What is a hazardous combustible gas atmosphere?
In order for an atmosphere to be capable of burning explosively, four conditions must be met.
- Adequate oxygen
- Adequate fuel
- A source of ignition
- Sufficient molecular energy to sustain the fire chain reaction.
These four conditions are frequently diagrammed as the fire tetrahedron. If any side of the tetrahedron is missing, incomplete or insubstantial, combustion will not occur.
The minimum concentration of gas or vapor in air that will ignite and explosively burn if a source of ignition is present is the lower flammability limit (LFL). Although OSHA uses the term “LFL,” most gas detection instrument manufacturers provide readings in percent lower explosion limit (LEL) increments. In standard atmospheric and temperature conditions the two terms mean essentially the same thing, and can be used interchangeably.
Different gases and vapors have different LEL concentrations. Below the LEL, the ratio of combustible gas molecules to oxygen is too low for combustion to occur. In other words, the mixture is “too lean” to burn.
Most (but not all) combustible gases and vapors also have an upper limit of concentration beyond which ignition will not occur.The upper explosion limit (UEL) is the maximum concentration of combustible gas or vapor in air that will support combustion. Above the UEL, the ratio of gas to oxygen is too high for the fire reaction to propagate. In other words, the mixture is “too rich” to burn. The difference in concentration between the LEL and UEL is commonly referred to as the flammability range. Combustible gas concentrations within the flammability range will burn or explode provided that the other conditions required in the fire tetrahedron are met.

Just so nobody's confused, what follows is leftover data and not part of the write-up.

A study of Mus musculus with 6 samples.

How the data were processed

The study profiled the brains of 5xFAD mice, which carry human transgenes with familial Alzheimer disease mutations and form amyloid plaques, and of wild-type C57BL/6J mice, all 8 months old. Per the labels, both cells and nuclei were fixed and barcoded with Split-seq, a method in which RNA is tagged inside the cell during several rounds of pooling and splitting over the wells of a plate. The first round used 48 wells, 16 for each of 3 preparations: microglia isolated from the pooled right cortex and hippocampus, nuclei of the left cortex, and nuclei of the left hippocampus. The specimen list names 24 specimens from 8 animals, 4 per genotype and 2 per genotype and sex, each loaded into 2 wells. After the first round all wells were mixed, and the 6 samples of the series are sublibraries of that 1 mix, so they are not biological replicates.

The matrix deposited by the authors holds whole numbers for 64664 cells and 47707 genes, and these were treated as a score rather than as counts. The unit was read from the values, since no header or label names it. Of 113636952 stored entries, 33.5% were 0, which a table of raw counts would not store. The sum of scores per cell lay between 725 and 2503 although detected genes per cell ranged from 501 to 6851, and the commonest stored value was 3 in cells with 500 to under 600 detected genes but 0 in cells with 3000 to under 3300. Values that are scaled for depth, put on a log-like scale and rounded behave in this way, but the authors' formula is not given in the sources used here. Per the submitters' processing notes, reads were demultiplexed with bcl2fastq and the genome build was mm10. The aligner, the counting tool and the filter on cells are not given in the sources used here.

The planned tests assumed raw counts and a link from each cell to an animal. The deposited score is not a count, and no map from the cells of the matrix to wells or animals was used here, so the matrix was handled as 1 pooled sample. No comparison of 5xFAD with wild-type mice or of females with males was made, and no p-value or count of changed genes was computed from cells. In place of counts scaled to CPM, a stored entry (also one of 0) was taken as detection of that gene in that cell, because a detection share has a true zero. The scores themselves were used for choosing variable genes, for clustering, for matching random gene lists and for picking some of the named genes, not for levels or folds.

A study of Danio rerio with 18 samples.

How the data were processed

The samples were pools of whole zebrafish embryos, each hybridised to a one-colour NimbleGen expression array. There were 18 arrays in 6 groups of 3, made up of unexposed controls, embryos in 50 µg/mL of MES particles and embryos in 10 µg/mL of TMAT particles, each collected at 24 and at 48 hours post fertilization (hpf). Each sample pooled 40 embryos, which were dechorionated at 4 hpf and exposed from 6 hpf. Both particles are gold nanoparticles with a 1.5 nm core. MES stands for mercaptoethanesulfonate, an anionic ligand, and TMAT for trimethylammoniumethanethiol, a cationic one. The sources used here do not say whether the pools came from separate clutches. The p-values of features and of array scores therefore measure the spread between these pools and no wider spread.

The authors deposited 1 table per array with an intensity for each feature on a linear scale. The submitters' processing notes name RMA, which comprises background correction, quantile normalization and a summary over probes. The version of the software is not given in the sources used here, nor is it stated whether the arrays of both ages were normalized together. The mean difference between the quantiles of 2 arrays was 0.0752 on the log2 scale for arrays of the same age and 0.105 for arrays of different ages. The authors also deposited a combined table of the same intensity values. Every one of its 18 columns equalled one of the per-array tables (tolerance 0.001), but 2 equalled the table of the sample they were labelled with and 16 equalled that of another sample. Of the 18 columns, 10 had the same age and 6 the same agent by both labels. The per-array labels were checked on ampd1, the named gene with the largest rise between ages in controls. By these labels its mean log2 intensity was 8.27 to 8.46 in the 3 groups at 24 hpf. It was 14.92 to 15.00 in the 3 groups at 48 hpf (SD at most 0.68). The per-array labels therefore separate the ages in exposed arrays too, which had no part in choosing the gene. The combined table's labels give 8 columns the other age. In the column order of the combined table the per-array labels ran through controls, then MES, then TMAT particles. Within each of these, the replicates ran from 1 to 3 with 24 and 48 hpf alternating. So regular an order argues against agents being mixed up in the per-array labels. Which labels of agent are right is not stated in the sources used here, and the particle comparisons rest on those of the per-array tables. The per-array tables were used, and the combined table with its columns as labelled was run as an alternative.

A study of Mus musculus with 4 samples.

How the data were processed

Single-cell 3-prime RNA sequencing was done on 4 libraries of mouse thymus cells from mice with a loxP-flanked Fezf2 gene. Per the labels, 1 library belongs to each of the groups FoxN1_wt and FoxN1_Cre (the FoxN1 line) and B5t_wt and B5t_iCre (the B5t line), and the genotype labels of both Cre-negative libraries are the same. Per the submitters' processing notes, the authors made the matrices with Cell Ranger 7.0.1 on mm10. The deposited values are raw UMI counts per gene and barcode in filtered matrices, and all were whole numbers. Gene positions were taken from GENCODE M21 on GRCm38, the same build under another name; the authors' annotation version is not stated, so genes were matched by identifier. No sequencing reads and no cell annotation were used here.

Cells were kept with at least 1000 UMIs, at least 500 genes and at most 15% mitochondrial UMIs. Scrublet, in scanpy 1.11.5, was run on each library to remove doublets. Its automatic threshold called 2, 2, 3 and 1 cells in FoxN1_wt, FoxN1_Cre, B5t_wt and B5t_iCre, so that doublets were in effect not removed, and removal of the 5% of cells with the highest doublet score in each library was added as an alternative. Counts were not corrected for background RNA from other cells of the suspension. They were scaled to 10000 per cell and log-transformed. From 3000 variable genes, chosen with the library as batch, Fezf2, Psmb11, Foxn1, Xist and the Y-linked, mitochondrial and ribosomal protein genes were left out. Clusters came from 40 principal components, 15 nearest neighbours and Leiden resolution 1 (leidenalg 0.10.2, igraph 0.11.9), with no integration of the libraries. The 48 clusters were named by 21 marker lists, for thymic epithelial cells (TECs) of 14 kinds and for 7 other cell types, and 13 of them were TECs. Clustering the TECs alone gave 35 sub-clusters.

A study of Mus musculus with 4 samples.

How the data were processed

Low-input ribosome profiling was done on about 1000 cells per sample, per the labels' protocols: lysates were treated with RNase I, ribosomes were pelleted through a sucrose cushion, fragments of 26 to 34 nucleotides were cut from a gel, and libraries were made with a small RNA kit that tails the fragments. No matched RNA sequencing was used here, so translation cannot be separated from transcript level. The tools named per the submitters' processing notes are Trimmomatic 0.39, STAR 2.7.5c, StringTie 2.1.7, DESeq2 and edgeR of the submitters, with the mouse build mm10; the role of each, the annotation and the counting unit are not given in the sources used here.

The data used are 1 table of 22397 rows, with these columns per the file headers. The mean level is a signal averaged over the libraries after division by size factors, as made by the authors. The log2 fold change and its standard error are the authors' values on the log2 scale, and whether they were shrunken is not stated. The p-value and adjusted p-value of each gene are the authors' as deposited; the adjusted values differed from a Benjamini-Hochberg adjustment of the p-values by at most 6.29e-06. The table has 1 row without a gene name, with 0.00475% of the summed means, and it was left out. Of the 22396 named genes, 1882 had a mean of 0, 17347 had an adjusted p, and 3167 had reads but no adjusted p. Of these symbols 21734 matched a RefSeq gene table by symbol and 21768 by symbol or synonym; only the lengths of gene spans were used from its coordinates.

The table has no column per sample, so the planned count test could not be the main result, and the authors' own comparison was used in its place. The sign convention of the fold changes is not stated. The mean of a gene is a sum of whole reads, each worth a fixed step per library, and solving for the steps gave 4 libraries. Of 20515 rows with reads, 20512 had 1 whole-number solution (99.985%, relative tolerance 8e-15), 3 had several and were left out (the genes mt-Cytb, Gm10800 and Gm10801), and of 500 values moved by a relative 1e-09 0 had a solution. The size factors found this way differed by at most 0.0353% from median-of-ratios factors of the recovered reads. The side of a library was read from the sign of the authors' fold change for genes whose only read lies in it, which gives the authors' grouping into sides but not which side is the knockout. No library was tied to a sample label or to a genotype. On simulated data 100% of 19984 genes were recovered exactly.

Because the flammability range varies widely between individual gases and vapors, most regulatory standards express hazardous condition thresholds for combustible gas in air in percent LEL or percent LFL concentrations. Instruments used to measure combustible gas in confined spaces typically display readings in percent LEL increments, with a full range of 0 – 100% LEL. The most commonly cited hazardous condition threshold concentrations are 5% LEL or 10% LEL. OSHA 1910.146 defines 10% LEL as the hazardous condition threshold for flammable gas.
Ten percent LEL is the default alarm setting for many instruments used to measure percent LEL combustible gas. This is the least conservative (or highest acceptable) alarm setting for instruments used for monitoring combustible gases and vapors in confined spaces. Many circumstances warrant a more conservative, lower alarm set point. The presence of any detectable concentration of flammable/ combustible gas in the confined space indicates the existence of an abnormal condition. The only completely safe concentration of combustible gas in a confined space is 0% LEL. In addition, specific procedures or activities may require taking action at a lower concentration.